AOS – Season IV – Ep. 16 “What If?”: A Review

Posted: 04/06/2017 in Uncategorized

AOS came back with a vengeance. Damn… this show is so good but still has no renewal for a fifth season. In the framework everything is reinvented to terrific effect and how formidable a foe Aida (Mallory Jansen) has become is ably presented. No missteps, only gold with this run. My happy opening rendered, on to my review.

The ep picks up where we last left off with Daisy (Chloe Bennett) and Jemma (Elizabeth Hentsridge) entering Radcliffe’s (John Hannah) framework to free their friends. What they find is a completely new world, one with profound and subtle differences. The nuances are what get both Jemma and the viewer. This world is ‘populated’ by independent, free thinking beings which she initially tries to dismiss as rogue, yet elegant programming code. It is so intricate however, that in a short time doubt begins to creep in as allies and enemies are reassigned.  What she and Daisy knew before is essentially overwritten and recreated.

The best selling point of this latest arc is the presentation of this reality as a divergence from the “Winter Soldier” fall of Hydra. In this model, Hydra won and is now a world dominating force. They are now sole security, police and government for all intents and purposes. There is also an intense anti-Inhuman propaganda. The divergence of this timeline is based on the infamous “Bahrain incident” in which May (Ming-Na Wen) now third in command in the Hydra hierarchy did not kill the inhuman powered child. In this reality, the child came to America, went to school and did exactly that which May in true reality had sought to prevent. For this alone, she is hopelessly behind Hydra and the anti-Inhuman movement.

Most impressive are the transformations of Coulson (Clark Gregg) from director of S.H.I.E.L.D. and all around badass to a cow towing teacher who allows students identified as Inhuman by Hydra ‘government’ to be taken from his class for testing/study. His correcting a student who aptly identifies Hydra as the former Nazi science division makes for a powerful moment.  Kudos must be afforded to the cast who play such altered variations of their characters. Most notable however is Ian DeCaestecker’s Leopold Fitz who is now simply known as “the doctor” and jarringly the second in command for Hydra, above May whom he freely insults for her poor decision which arose from the incident in Bahrain.

The return of Ward (Brett Dalton) played superbly well as he reconnects with Daisy whom he knows only as Skye. I don’t think a season of this show is a season at all, if Ward isn’t present in some capacity. In this realm, he is with Skye and her reaction to him initially was priceless. Her first move upon seeing him in her bed is to “quake” him. In this world, however, she is not enhanced and watching the awkward interplay between them was duly engaging. His gesturing back to her mimicking her initial motion as she tried to annihilate him plays for laughs. His character too is a reinvention, properly presenting a universe in which everything is on its ear, or one in which idealized hopes are given light.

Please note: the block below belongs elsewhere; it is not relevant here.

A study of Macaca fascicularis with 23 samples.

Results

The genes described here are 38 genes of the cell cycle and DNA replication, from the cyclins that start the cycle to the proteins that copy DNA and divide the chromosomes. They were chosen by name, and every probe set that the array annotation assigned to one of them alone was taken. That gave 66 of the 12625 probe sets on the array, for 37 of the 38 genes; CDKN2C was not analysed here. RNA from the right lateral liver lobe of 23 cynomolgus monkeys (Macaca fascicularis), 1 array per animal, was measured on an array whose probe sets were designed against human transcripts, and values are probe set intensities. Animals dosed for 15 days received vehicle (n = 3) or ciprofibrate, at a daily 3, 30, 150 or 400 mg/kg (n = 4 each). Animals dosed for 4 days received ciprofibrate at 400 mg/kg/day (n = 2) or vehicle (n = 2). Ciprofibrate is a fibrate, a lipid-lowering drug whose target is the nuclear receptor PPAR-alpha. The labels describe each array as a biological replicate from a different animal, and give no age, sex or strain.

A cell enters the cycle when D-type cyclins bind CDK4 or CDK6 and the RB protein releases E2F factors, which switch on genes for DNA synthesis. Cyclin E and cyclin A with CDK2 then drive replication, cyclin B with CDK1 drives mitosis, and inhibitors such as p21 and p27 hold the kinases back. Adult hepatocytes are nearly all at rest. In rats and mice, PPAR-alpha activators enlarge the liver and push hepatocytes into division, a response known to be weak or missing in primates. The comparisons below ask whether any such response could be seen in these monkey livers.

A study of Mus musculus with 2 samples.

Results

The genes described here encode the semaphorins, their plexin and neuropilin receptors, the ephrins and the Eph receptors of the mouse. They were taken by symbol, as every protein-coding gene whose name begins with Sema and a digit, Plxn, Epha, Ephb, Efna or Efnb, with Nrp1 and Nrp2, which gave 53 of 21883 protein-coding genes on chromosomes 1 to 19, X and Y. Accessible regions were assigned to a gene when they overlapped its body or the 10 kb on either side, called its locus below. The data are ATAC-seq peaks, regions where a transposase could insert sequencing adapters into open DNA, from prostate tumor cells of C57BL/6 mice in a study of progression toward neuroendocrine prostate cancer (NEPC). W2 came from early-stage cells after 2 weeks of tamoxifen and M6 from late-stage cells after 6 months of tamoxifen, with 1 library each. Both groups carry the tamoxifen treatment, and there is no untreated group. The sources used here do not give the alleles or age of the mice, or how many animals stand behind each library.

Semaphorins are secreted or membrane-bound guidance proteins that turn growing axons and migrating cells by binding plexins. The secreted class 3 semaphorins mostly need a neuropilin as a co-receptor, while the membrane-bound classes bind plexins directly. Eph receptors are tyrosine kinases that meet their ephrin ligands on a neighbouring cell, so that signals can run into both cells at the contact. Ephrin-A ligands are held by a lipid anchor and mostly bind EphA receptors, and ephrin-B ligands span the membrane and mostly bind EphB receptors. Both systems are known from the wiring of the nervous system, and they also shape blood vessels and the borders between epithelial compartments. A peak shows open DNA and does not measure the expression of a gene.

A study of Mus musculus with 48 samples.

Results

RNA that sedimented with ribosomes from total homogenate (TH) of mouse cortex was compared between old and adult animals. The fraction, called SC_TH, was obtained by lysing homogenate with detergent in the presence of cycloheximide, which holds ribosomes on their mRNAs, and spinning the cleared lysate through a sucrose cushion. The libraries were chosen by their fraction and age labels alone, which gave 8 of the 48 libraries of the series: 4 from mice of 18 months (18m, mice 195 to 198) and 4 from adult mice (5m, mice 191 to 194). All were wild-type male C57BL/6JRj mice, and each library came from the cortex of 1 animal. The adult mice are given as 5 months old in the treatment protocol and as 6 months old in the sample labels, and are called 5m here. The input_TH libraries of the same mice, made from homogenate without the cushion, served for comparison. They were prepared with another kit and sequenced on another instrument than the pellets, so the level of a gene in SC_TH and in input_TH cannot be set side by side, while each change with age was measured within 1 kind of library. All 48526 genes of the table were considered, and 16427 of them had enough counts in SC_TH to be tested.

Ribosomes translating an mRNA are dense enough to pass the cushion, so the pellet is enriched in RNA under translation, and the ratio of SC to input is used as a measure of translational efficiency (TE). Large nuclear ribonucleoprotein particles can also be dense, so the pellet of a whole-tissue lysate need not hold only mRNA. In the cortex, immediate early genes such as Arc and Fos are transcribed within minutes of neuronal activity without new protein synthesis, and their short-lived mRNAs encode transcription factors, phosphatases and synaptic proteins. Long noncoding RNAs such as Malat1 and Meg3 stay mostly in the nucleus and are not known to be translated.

MVP for the episode was unquestionably Jemma Simmons who we discover is dead in this reality. Her death is offered as a reason for the path taken by Fitz…possibly. Her digging herself out of a grave, seeing two bullet holes around her chest is met with “I guess I’ve been murdered”. Her evolution from timid, chattering nerd to brilliant, witty woman of action has been a superb journey worth taking. She assesses her situation, attempts to get assistance and quickly gleans her surroundings are hostile. Her engaging two Hydra agents was well executed.

Jemma’s meeting with Coulson is well acted. Her attempting to reach him at any level was beautifully presented. Her bringing the Tahiti affair to his attention draws attention to his mind attempting to break its fetters as he works through this non reality. While she isn’t successful in convincing him, we can see the doubt is planted with a later moment providing some needed payoff. The revelation of a “resistance” faction prevents a hope for a potential out and the intimation that at its core, the human mind cannot be suppressed indefinitely. The revelation of the head of Hydra is not surprising, though her relationship with her second kind of was. Her presentation, complete with green tinged hair was just perfect, paying due homage to the source material and illustrating that at three roles and counting, Mallory Jansen has proven to be a great find for this series.

With six episodes to go until this year’s finale…and hopefully not series finale, the show runners of Agents of S.H.I.E.L.D. continue to swing for the fences, presenting a third story arc in one season and effortless reinventing the show yet again. AOS remains critically under-watched, simply outstanding and well worth your time.